If you’re a regular GrownupsNZ reader, you’ll have spotted our recent article on the importance of feeling needed, and how we can carve out this important niche for ourselves. Now we take a look at how you can help others to feel needed. The effort it takes to be compassionate in this way is often tiny, yet the results can be dramatic. So let’s get started!
We are many things – whether it’s a ‘gardener,’ a ‘walker,’ an ‘artist,’, a ‘golfer,’ or a ‘grandparent.’ But our most important ‘handle’ is our very own name. When we use another’s name in such a way as to give them recognition, we imbue them with a sense of belonging and being needed. Next time you’re in a group conversation, use names to make others feel valued. It can be as simple as saying: “Alex was just saying the same thing,” or “Tiffany thinks so, too.”
Don’t miss an opportunity to compliment another in the context of asking for an ‘insider’ tip. If you like an article of clothing, for example, ask where your acquaintance got it from. If you like their hair cut/glasses/dog lead/umbrella etc, draw them out on details about these items. Asking for information lets the ‘other’ feel needed.
Be a borrower
Contrary to what you may have been brought up to believe, it’s OK to be a borrower. In fact, it’s an important part of social connection, while enabling others to feel needed. Keep the borrowing infrequent, and restricted to small, non-monetary items (such as an ingredient you have run out of for baking, or a rain coat or umbrella to see you home on a rainy day), and always return these things as soon as possible.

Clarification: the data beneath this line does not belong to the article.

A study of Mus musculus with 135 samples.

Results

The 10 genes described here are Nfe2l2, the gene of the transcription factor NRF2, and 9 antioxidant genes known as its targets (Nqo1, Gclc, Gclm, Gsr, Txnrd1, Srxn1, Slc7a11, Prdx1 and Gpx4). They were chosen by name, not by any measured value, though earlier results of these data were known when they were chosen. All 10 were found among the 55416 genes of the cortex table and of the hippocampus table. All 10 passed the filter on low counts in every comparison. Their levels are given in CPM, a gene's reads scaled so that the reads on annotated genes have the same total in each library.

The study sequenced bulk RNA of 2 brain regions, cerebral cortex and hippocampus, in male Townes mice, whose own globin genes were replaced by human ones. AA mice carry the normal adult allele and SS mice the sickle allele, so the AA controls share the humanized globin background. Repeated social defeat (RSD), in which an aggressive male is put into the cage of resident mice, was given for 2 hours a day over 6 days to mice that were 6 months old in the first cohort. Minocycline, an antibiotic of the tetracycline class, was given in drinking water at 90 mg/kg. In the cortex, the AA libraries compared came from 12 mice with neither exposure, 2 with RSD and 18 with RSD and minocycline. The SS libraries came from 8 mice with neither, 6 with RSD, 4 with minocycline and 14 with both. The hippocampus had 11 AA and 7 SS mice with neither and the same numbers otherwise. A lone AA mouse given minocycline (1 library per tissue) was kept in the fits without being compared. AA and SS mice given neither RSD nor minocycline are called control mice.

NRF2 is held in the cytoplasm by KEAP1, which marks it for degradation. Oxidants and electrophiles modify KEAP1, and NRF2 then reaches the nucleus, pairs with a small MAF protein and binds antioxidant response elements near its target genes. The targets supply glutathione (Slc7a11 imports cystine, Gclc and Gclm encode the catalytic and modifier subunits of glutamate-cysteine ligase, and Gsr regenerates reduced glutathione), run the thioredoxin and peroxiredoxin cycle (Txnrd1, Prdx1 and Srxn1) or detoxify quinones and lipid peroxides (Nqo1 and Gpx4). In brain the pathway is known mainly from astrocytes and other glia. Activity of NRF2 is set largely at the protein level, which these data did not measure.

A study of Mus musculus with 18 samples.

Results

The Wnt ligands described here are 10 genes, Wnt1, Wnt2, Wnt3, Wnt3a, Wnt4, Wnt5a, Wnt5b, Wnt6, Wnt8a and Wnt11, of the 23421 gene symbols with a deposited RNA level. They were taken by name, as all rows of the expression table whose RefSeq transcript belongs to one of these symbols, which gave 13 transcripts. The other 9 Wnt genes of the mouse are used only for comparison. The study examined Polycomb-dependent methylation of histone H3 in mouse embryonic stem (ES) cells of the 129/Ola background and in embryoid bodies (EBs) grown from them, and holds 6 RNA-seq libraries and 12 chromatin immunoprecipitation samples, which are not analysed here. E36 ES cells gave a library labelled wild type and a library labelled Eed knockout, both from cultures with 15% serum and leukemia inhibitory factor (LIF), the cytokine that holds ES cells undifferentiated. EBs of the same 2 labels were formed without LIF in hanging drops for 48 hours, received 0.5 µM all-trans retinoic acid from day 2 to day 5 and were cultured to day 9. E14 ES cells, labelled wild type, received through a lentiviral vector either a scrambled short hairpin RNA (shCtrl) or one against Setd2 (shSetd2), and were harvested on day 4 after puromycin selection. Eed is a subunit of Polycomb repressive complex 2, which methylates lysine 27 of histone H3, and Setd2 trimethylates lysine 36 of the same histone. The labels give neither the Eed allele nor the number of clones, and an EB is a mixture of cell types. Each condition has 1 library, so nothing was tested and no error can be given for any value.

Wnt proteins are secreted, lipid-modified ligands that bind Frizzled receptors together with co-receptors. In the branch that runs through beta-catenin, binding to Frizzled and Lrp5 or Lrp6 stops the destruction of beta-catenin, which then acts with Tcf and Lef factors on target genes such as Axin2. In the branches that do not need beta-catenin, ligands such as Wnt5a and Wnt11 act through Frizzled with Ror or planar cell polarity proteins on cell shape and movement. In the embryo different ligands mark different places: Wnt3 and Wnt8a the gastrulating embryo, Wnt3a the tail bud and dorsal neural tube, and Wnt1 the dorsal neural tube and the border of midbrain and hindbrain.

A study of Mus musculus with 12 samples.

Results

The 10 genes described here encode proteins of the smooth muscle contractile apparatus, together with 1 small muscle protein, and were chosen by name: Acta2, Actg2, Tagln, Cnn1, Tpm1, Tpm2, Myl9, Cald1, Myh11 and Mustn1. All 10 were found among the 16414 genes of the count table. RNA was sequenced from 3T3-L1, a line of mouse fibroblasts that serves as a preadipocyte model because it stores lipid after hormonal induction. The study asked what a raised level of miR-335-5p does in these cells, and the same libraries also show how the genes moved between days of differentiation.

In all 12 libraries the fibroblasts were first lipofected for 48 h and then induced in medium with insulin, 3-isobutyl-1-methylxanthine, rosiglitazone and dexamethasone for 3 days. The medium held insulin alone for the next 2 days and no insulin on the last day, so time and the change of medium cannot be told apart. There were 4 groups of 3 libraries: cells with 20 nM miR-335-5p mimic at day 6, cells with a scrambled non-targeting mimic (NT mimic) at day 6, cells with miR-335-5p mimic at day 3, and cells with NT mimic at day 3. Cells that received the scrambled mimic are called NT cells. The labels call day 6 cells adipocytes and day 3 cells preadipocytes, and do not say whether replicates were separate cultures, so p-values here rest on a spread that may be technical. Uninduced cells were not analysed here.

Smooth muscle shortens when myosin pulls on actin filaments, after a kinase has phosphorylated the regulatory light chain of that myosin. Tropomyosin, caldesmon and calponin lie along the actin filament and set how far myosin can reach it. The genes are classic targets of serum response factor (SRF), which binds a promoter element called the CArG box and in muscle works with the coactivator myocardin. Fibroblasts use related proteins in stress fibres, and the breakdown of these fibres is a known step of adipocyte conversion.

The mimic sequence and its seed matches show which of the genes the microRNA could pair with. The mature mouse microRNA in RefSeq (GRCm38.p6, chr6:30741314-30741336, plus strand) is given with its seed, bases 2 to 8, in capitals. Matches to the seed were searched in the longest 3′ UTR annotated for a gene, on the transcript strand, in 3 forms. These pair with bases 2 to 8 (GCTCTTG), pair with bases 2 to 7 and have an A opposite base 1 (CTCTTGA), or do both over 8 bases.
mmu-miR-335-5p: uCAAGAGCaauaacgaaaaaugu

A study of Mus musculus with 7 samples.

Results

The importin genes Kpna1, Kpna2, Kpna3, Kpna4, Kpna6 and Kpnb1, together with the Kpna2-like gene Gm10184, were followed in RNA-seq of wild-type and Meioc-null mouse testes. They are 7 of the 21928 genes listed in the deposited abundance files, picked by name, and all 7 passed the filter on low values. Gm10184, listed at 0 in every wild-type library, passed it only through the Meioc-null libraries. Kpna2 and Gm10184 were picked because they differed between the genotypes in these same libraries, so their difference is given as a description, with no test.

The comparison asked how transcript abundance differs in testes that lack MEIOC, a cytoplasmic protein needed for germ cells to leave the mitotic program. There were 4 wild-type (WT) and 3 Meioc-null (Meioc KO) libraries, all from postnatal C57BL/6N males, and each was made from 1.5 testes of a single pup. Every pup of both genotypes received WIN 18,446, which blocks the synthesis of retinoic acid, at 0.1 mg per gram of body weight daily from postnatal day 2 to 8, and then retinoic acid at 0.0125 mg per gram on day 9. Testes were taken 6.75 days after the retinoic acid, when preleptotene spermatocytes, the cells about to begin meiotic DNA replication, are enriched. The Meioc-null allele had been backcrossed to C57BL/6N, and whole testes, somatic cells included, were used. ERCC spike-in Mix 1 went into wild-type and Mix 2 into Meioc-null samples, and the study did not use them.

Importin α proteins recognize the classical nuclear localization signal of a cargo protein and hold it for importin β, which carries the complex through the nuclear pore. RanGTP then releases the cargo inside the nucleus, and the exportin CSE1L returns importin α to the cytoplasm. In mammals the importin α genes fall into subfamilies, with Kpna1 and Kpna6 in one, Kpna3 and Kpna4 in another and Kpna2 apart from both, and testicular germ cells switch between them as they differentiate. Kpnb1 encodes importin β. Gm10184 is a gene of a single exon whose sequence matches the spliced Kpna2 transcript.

Ask for an opinion
Who doesn’t feel needed when their opinion is sought out! You can double the value of asking another’s opinion when you do it in public. Next time you’re in a group situation, seek out an opinion from someone you know needs to be needed. Keep it simple (don’t put them on the spot by asking them to solve a world problem!), and be ready to back them up or encourage them if you feel they need it.
When you have a hunch someone has (or has had) an interest in a subject you are becoming interested in, don’t hesitate to ask them for advice. We all too often make the mistake of thinking we have to take advice, when in fact, that doesn’t have to be the case at all. Asking for advice allows another a moment in the limelight, and the opportunity to feel valued.
Seek out company
There is nothing simpler to give than your company, and nothing makes another feel more needed, than asking for company. Instead of asking an isolated friend or family member to your home, ask if you can come to theirs. Any excuse can do – from wanting to escape the house for a break, to the need to fill in time between one appointment and another. Best of all, by going to theirs, you can decide when to leave, so you won’t feel ‘trapped.’ A phone call to a friend can achieve the same results – just be sure to subtly indicate you are making the call for your own sake, not theirs.
The key to helping others feel needed, in an on-going way, is to never let it become a burden to you. If you do, you’ll lose the appetite to continue your good work. Keep your actions small, but know their impact will be mighty!